After our morning hike in Tierra del Fuego we returned to the Australis for lunch and some rest, during which time our ship re-positioned itself in Ainsworth Bay. Our afternoon excursion was to be entirely on a Zodiac. This is obviously a slower process than zipping us onshore for the morning’s hike as the supply of Zodiacs was limited.
The Zodiacs took us to a small cluster of islands known as Tucker’s Islets. These lie within the Strait of Magellan and are rich in bird life (note: Magellan was the Portuguese explorer who visited this region 500 years ago). We would slowly circle these islands in the Zodiac to observe the different types of birds, slowing to a stop when possible, but we did not land. A guides would explain what the birds were and their natural history to those on the Zodiac, and answer any questions that arose.
When one group of travelers completed their journey they returned to the Australisand the next group went out, and so on until over a period of several hours until everyone had experienced the birds up close. While we waited aboard the Australisfor our turn, we got to enjoy the scenery, watched dolphins and seals swimming by — even observed some albatrosses diving into the fjord. Best of all we were warm and dry, unlike those on the zodiacs caught in the afternoon’s drizzle and breezes. It’s a human instinct to seek warmth and to be dry, I think.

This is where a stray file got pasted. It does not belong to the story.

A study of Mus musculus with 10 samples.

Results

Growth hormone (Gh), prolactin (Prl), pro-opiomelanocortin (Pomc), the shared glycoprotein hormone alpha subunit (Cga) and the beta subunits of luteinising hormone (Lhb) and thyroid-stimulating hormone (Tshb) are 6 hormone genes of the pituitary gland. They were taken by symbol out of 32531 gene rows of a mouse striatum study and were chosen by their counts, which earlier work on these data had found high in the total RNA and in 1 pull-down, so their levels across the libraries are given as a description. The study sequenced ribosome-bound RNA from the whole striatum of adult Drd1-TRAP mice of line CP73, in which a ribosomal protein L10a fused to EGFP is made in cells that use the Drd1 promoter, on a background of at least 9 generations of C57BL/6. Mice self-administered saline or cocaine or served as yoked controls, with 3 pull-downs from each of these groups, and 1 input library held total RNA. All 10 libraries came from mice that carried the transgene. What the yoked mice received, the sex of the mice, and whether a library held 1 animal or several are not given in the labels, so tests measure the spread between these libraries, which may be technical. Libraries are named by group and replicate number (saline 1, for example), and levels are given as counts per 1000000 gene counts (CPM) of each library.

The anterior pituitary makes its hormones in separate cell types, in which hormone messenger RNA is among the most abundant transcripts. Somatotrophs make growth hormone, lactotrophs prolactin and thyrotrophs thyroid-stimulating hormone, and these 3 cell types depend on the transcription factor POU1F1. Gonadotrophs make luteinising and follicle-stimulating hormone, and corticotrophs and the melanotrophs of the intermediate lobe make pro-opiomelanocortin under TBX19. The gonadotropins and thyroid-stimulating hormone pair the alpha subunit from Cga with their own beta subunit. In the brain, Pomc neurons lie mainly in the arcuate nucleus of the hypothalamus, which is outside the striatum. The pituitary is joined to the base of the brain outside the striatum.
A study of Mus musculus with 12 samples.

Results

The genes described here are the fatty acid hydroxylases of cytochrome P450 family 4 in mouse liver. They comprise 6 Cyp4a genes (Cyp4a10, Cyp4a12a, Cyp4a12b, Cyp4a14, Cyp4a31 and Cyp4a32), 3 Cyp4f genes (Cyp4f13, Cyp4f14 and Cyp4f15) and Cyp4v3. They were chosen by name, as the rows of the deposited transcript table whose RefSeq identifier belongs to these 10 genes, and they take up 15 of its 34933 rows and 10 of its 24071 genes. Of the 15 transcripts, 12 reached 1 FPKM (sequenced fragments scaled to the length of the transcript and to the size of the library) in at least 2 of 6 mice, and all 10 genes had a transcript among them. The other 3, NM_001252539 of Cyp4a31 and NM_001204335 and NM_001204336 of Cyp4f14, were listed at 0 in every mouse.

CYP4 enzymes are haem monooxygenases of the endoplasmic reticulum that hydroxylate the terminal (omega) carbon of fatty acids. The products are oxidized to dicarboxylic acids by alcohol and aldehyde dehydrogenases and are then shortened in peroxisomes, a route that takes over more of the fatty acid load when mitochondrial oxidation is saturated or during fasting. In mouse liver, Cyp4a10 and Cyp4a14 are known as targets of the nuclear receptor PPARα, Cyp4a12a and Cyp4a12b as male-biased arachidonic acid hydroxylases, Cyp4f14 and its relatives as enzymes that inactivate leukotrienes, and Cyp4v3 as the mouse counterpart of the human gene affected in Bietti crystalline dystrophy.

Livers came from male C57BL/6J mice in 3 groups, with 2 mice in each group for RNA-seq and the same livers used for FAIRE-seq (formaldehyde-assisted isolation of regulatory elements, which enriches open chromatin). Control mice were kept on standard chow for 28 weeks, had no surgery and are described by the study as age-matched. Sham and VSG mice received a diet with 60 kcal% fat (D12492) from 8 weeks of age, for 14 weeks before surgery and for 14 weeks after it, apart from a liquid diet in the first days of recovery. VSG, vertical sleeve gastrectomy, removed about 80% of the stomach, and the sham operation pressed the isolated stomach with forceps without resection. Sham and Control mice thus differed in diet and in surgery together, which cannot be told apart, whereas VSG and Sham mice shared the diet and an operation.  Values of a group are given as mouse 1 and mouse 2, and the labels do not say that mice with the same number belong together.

Finally our turn arrived and we were off, hats, rain-gear, life-jackets and all. Our first stop was to visit a group of Cormorants known as “red-faced shags” (also called Magellanic or Rock Cormorants). Adults and juveniles were resting by their nests on one of the cliffs just above us. Their red eye bands are quite striking. Apparently their tails are adapted to help with their balance on these rocky perches.
The main attraction of the islets was a colony of Magellanic Penguins, where we spent most of our time. I’d seen these penguins on prior trips to the South America, but it’s always fun watching a group of them.
Magellanic penguins have a fairly wide-spread range along the coasts of South America. They are social creatures and stay together in flocks, including when they fish. They lay their eggs in nests (many within burrows) and can live up to 25 years. The penguins were obviously not very bothered by our presence.
We spent a fair bit of time observing the penguin colony — it’s hard not to like penguins. While anchored there, we also spotted a Chilean Skua (which hangs around the penguins in hopes of stealing one of their eggs) and kelp geese.
The cormorants were a rather chatty group of birds, and also fun to watch, as you can see below:
It was a fun and interesting excursion. As I’ve said many times, I enjoy birds, although don’t consider myself an avid birder. Still it was memorable to get close to birds we normally don’t see back home.